Vancouver Park Board commissioner wants pot sales banned at 4/20 event
There are just over two months left until Vancouver’s annual 4/20 smoke-in, and the perennial debate over the controversial “protestival” is already heating up.
Newly elected Non-Partisan Association (NPA) Vancouver Park Board commissioner Tricia Barker says she wants to see pot sales stopped at the event.
“One of things we’re looking at is having the Vancouver Park Board staff explore options available to stop the sale of cannabis and cannabis-related products,” she said.
“That’s in line with the new legal framework that we’re now working under since Oct. 17. Since those new laws have come into play, that’s going to impact the event on 4/20.”
Barker is also asking the board to send a letter to Vancouver’s mayor and council asking them to find a way to move the event from Sunset Beach by 2020.
The park board has resisted granting a permit to the event since it moved to Sunset Beach from the Vancouver Art Gallery in 2016.
The board cites a violation of its bylaw prohibiting smoking in parks, disruption to West End residents and damage to the park as reasons the event is inappropriate.
“The local residents around there, they have to deal with the air quality problem, the noise, the traffic disruption. We close down the aquatic centre and we close down the seawall, we close down the concession stand,” said Barker.
Attempts to move the event from the beach in previous years have been unsuccessful. Discussions between the organizers and the PNE about a possible move in 2017 were fruitless, and a motion by Vancouver Coun. Adriane Carr to look at moving the event that same year also stalled.
However, Barker said even if the board did move ahead with banning pot sales, she’s not confident it will have much effect.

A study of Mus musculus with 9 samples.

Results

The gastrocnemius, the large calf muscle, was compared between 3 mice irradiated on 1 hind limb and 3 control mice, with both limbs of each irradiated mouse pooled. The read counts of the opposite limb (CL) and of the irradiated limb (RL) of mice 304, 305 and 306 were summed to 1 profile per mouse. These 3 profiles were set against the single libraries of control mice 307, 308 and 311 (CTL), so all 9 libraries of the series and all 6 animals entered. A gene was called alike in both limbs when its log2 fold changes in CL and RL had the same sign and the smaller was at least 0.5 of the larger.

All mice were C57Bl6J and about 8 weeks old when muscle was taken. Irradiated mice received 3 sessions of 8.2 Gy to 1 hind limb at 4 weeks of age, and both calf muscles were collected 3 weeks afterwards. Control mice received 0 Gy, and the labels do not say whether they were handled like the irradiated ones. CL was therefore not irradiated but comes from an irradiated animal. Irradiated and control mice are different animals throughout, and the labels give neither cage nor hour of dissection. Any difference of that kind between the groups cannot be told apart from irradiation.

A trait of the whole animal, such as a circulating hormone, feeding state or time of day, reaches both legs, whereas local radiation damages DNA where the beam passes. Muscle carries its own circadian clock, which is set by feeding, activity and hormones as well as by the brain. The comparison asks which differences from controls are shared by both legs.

“I think they’ll just go ahead and do it. That’s what they’ve always done,” she said.
“It’s a starting point… If you stand up and say, ‘I’m going to smoke in a park anyway,’ there’s not a lot I can do. But I start with, ‘Well, you’re now breaking a bylaw; you’re breaking a rule against this.’”
Dana Larsen, a 4/20 organizer, told Global News that there are no plans to move the event from Sunset Beach this year or any year after.
“Sunset Beach is by far the only and best place for a large-scale event like this,” he said.
“When we were at the art gallery, we moved to Sunset Beach after consultations with the city health and safety officials and the police, and it was determined that Sunset Beach was the safest place to hold an event of this scale.”
Larsen also said he has no fear of authorities cracking down on pot sales, despite a new regulatory framework around retail pot.
“I would be very surprised if they would think that’s a good idea. I’ve been given no indication anyone’s going to do that,” he said.
“Keep in mind, of course, for the last 25 years of this event, they could do the same thing. It’s not like people couldn’t seize cannabis last year or the year before. In fact, the penalties were severe; you could have been charged with trafficking.”
Vancouver police said they were in touch with partners about the event, but could not share any information about their deployment. Global News was unable to reach the Ministry of Public Safety for comment on how it would handle 4/20 under legalization.
Larsen argues that it’s hypocritical for the board to single out 4/20 for pot sales when it sanctions events selling booze or point to smoke and disruption issues when it permits the annual fireworks show.
He said the event remains a protest against aspects of cannabis laws and the war on drugs.
Despite that, Larsen says, organizers still came up with $60,000 to cover sanitation, security, traffic control and other costs associated with 4/20 last year.
The park board will vote on Barker’s motion on Monday.